Chatham Emergency Services Update
Golf Cart Charging Safety
Golf carts are an integral part of almost every Landings resident’s life. We are lucky enough to live in a community where you can take your golf cart to the grocery store or the drive-through teller at your bank. The downside of electric golf cart ownership are some very real dangers connected to the batteries that run them…specifically, the production of explosive hydrogen gas during the charging process.
The operating manuals for most, if not all, electric golf carts warn of the formation of hydrogen gas during normal charging and state that the charging area needs to be ventilated. Old, as well as overcharged batteries, are susceptible to “off-gassing” or the production of higher levels of hydrogen gas. A hydrogen gas concentration of 4% is explosive and can be ignited by a spark from flames such as pilot lights, or by something as small as static electricity. Turn off the golf cart ignition key before starting the battery charger. Always open a garage door or window while charging your cart, and keep ignition sources such as matches, lighters, and cigarettes away from the charging area. As the charger gets extremely hot during the charging process, keep all combustible material and flammable liquids a safe distance away.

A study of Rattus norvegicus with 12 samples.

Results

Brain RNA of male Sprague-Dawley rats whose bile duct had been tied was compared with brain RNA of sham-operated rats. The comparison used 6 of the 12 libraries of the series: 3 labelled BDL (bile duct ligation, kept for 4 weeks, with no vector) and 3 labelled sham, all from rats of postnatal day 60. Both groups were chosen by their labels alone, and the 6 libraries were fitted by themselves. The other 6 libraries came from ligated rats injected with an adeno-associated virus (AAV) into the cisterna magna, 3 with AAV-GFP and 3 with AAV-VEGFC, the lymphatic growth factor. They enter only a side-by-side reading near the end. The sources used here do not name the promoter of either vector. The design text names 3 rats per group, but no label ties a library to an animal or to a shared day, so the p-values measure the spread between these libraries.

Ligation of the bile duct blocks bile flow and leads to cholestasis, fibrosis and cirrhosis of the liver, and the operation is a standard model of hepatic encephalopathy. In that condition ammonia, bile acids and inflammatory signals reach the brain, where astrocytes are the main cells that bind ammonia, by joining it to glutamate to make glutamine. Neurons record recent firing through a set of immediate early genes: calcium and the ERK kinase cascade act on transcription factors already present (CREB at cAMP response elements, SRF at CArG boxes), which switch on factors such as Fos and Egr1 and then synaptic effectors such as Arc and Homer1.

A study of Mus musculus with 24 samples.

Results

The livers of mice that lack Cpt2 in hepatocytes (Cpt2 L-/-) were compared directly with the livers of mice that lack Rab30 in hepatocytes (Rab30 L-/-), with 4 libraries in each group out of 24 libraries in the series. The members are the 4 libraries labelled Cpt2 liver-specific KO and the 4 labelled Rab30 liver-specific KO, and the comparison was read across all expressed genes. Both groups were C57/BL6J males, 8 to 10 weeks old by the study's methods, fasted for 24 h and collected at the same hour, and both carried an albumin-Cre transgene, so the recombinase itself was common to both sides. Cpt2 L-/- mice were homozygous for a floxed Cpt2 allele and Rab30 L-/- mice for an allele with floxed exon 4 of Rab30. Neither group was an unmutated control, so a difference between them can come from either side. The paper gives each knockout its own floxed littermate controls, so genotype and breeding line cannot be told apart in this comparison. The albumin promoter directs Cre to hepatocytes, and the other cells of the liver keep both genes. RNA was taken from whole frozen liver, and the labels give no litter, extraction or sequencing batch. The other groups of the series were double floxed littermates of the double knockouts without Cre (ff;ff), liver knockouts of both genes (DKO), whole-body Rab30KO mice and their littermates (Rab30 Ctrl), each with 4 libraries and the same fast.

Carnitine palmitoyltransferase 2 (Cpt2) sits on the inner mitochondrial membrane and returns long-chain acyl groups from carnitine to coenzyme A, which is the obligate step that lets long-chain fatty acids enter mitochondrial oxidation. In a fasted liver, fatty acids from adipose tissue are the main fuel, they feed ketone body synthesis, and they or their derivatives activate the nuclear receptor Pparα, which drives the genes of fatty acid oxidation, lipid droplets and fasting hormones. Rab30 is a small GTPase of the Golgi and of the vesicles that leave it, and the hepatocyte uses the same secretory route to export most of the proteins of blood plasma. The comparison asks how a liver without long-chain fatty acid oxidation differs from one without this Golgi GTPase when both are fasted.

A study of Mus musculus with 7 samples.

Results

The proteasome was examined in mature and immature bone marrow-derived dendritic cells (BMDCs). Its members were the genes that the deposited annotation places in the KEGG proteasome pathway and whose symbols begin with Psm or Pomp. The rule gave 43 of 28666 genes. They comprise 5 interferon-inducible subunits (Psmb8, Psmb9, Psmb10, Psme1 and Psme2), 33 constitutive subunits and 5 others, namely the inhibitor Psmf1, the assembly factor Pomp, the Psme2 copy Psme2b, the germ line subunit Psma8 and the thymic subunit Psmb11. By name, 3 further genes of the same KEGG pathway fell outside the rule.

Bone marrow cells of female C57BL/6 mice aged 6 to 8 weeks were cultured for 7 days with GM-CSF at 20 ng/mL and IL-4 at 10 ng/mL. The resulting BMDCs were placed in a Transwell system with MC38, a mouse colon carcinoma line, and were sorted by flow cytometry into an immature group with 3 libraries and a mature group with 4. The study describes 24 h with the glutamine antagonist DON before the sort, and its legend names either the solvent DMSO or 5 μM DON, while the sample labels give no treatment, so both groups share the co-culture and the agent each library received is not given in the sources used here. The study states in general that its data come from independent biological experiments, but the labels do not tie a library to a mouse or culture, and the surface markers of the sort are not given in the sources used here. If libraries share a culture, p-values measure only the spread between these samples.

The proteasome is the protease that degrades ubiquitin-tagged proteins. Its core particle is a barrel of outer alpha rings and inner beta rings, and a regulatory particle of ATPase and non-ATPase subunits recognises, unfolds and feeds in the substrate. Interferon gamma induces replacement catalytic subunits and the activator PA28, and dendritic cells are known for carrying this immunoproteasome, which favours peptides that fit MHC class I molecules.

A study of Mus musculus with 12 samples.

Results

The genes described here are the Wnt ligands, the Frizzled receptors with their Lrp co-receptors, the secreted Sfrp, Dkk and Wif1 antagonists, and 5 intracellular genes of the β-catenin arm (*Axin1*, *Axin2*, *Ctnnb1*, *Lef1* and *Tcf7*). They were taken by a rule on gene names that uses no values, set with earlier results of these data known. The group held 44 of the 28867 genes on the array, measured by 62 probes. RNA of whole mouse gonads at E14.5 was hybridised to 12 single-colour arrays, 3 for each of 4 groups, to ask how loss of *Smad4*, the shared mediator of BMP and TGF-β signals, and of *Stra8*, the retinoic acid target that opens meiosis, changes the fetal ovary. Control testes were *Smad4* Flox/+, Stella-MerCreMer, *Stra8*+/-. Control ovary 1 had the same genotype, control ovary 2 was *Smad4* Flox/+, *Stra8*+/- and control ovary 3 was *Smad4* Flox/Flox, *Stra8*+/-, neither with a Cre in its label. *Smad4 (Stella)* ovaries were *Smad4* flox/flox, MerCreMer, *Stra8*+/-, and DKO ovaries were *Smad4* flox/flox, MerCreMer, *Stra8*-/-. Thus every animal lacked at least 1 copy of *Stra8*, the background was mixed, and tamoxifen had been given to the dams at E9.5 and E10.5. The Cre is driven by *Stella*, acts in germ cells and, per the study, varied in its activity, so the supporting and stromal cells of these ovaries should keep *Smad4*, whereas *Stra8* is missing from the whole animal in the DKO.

Unplug the charger from the cart and wall after charging is completed. This is probably the most often overlooked step with the greatest potential for disaster. Most golf cart chargers will turn off automatically once the batteries are fully charged, but these systems have been known to fail. Chargers working improperly should be replaced immediately. Never charge a golf cart when you are not home to monitor the charging process.
Have your golf cart batteries regularly maintained by “trained and authorized personnel”. It also is suggested that you check your batteries monthly for signs of corrosion (greenish crusting on the terminals) or loose fittings. If your cart batteries are liquid filled, you should monitor and maintain the water level according to the manufacturer instructions.
Many fire departments nationwide have experienced calls in which a carbon monoxide (CO) alarm was set off by a hydrogen gas buildup caused by an old or overcharged cart battery. The CO detector provided a warning of a life-threatening situation – this time it just wasn’t the one it was referring to its label. Even though hydrogen detectors are available, they will not detect carbon monoxide. For the sake of efficiency, it is possible to buy a combination smoke alarm and carbon monoxide detector. We also recommend that you have a fire extinguisher mounted in the garage, as well as one inside the house. A good location for an interior fire extinguisher is in the laundry room, especially if it is adjacent to the kitchen.